Challenges Facing the Communities We Serve

According to Statistics Canada, 2016 Canada’s Indigenous population was estimated at 1.8 million in 2016. Canada’s Indigenous population could reach between 2.5 million and 3.2 million in 2041, with the average annual growth rate varying between 1.3% and 2.3% between 2016 and 2041.

The median age of the Indigenous identity population is projected to be between 38.2 and 38.4 years in 2041, up from 29.1 years in 2016.

In 2041, the Indigenous population could represent 5.4% to 6.8% of the Canadian population. In 2016, this proportion was 5.0%.

First Nations communities in general face complex socio-economic challenges, many brought about by the effects of inter-generational trauma. The communities served by QBOW are no different. Below are some of the challenges currently being faced by our communities and how QBOW is working with the communities to help address them.

Community Strengths:

Even with the challenges above, our communities have numerous strengths which aid us in our partnerships with them to ensure the best interests of children are always a top priority.

  • Our communities are determined to enhance and integrate our diverse cultures, language, ceremonies, and cultural practices.
  • They are concerned and interested in issues pertaining to child welfare issues within the community, and Bands and members are willing to partake in developing strategies to address child welfare concerns within their community.
  • There is strong willingness and openness within our communities to participate in prevention programming, youth initiatives, programs, activities and services.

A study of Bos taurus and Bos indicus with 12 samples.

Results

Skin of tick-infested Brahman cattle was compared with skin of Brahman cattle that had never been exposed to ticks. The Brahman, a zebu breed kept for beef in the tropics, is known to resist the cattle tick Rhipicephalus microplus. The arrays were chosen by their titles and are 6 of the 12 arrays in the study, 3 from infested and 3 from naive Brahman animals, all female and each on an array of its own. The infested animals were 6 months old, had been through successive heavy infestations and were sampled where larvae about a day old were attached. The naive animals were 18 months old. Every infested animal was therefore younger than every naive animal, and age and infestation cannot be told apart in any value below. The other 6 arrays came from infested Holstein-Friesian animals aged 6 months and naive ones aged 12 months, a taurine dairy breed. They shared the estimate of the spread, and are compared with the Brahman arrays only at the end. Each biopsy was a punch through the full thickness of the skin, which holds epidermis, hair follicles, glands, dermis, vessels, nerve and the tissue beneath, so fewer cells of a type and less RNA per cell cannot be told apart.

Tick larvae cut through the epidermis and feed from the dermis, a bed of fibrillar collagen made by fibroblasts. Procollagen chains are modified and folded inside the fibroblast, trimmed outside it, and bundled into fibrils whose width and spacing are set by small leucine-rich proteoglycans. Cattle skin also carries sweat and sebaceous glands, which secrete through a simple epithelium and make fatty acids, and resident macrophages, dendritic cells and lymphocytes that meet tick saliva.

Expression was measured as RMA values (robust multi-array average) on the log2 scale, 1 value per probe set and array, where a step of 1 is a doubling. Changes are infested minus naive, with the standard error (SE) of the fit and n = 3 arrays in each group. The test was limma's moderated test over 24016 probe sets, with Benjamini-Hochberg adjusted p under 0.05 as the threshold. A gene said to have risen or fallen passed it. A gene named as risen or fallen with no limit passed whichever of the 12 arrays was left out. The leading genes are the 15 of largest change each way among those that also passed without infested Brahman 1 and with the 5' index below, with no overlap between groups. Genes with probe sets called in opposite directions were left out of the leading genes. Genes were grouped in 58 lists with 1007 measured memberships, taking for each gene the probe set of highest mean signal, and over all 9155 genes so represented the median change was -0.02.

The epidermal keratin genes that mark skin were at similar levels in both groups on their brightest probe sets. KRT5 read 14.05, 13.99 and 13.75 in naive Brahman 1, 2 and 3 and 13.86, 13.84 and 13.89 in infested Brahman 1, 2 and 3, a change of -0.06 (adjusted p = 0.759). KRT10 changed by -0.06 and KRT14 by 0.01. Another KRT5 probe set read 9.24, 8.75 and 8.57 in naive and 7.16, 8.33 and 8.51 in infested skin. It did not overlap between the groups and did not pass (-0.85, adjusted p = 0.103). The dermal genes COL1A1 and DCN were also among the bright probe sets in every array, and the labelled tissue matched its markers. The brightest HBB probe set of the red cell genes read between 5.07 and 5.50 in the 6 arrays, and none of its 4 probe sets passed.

• Elders within each community assist us in developing and executing prevention programming and services by strengthening what we offer through cultural teachings, traditional and ceremonial protocol assistance, etc.
  • Professional resources in the communities assist in the development and execution of Prevention programming and services. This could include yoga instructors, reiki instructors, hairdressers, sports specialist, life skills coaches, etc.
  • Communities have strong beliefs in familial ties and commitment to the family unit and structure.
  • The communities partner with each other on programs and services.

How QBOW Works With Communities:

QBOW endeavours to work with the communities to enhance child welfare services in the following ways:

  • Provide resources that will help communities understand the impacts of poverty on child well-being.
  • Establish and develop programs that will allow individuals to empower themselves through personal development.
  • Engage in a consultative process that will facilitate a greater awareness of culture, tradition and language, and offer community-healing programs to deal with the effects of Indian Residential Schools.
  • Provide structured community-based programming that will meet the needs of families, with its main focus being on culture.
  • Provide support and community-based programming to help address issues that result from substance abuse, bullying and family violence.